By Kafia Omar
At his inauguration ceremony recently, Uganda’s President Yoweri Museveni stated the ICC was “a bunch of useless people.”
Among the dignitaries present was Sudan’s President Omar-al Bashir, against whom there is an outstanding International Criminal Court (ICC) arrest warrant.
“When they started, we used to take the ICC serious but not anymore.
They are a bunch of useless people who should not be taken serious. We have no business with the ICC and so we welcome our brother from Sudan President al-Bashir,” Museveni said at the ceremony.
This is not the first, and it is unlikely to be the last, time that Museveni has used a public occasion to express his dislike for the ICC.
In October 2014, during Independence Day celebrations, he criticised the ICC for scheduling Kenya’s President Kenyatta’s status conference on the same day, despite a request for postponement from the Kenyatta camp, asking “Was the aim of ICC to disrupt our summit?”
Museveni’s recent statement has particular irony given that Uganda is currently cooperating with the Court on the case of Dominic Ongwen.
It should also not be forgotten that it was Museveni who, in December 2003, took the decision to call on the ICC to investigate human rights violations, including crimes against humanity and war crimes, committed by the Lord’s Resistance Army.
Furthermore, under his leadership, Uganda enacted the International Criminal Court Act incorporating certain provisions of the Rome Statute into national law in 2010. All of this points to the fact that Museveni sees the ICC as a court of convenience to prosecute his “enemies”, while deploying rhetoric against it to “protect” his “friends”.
Such anti-ICC comments, while not new, appear to be increasing. Earlier this year, a number of African Union member states supported a proposal made by Kenya to withdraw from the court criticising it for only being preoccupied with countries in the region. However, the conclusion was that it would be left to individual states to decide.
While it cannot be denied that all cases so far – except one –focus on Africa, five of these (including the Uganda case) were referrals by the African states concerned themselves. Of the others, two were referred by the United Nations Security Council; only two African investigations were opened
by the ICC Prosecutor-propio motu.
There is no doubt that Museveni was fully aware of the impact of both the attendance of Bashir at his inauguration, and his statements against the ICC. What was possibly not predicted was the reaction by the American and European delegates who attended the ceremony, who walked out in protest. Elizabeth Trudeau, from the US state department, said: “We believe that walking out in protest is an appropriate reaction to a head of state mocking efforts to ensure accountability for victims of genocide, war crimes and crimes against humanity, particularly when his country has committed to accountability as astate.”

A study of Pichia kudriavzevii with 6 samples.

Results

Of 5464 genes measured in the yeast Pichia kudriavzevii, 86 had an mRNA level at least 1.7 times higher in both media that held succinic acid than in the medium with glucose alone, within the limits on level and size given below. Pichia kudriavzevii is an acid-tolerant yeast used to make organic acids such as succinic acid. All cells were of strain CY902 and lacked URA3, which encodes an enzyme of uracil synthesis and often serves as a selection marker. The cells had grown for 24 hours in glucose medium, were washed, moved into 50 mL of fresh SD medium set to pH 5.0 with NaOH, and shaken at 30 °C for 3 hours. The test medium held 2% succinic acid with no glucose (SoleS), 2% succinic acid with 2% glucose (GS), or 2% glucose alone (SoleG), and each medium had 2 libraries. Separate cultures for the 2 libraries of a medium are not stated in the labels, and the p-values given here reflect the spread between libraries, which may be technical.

The case of Sudan
What makes the performance particularly galling is the fact that the crimes with which Bashir was charged (including large-scale extermination, murder, rape, torture, forcible transfer and
pillaging of civilians) are ongoing. Gross human rights violations continue to take place on a daily basis in Darfur and renewed fighting has displaced 129,000 since January 2016.
The Sudanese government continues to launch indiscriminate aerial bombardments against civilians in Darfur, Southern Kordofan and Blue Nile, displacing entire communities and killing countless people, including six children under 12 on 1 May 2016. Three of the children were from the same family.
The lives of civilians living through this bombardment have been further jeopardised by Bashir’s refusal to allow humanitarian organisations access to rebel-held areas.
This is not the first time Bashir has travelled freely despite the arrest warrant against him to Rome Statute state parties, despite their clear legal obligation to cooperate with the ICC. Just last week, in defiance of a 2011 judgment of the ICC’s Pre-Trial Chamber I to report Djibouti (also a state party to the Rome Statute) to the Security Council for its failure to cooperate with the ICC in arresting the Sudanese president, the government hosted Bashir at the Djiboutian leader’s inauguration ceremony. A recent ruling by South Africa’s Supreme Court stated that the authorities’ failure to arrest him was “disgraceful,” following a legal appeal for his arrest brought by the Southern African Litigation Centre on the occasion of his attendance at the AU Summit in June 2015.
The fact that Bashir continues to travel freely despite his arrest warrant undermines the authority of the ICC and quashes the hopes of victims of achieving justice. Read more:
Uganda had an opportunity to prioritise justice for victims over political interests, but once again, those who are seeking justice have been left disappointed.
The writer works with International Refugee Rights Initiative.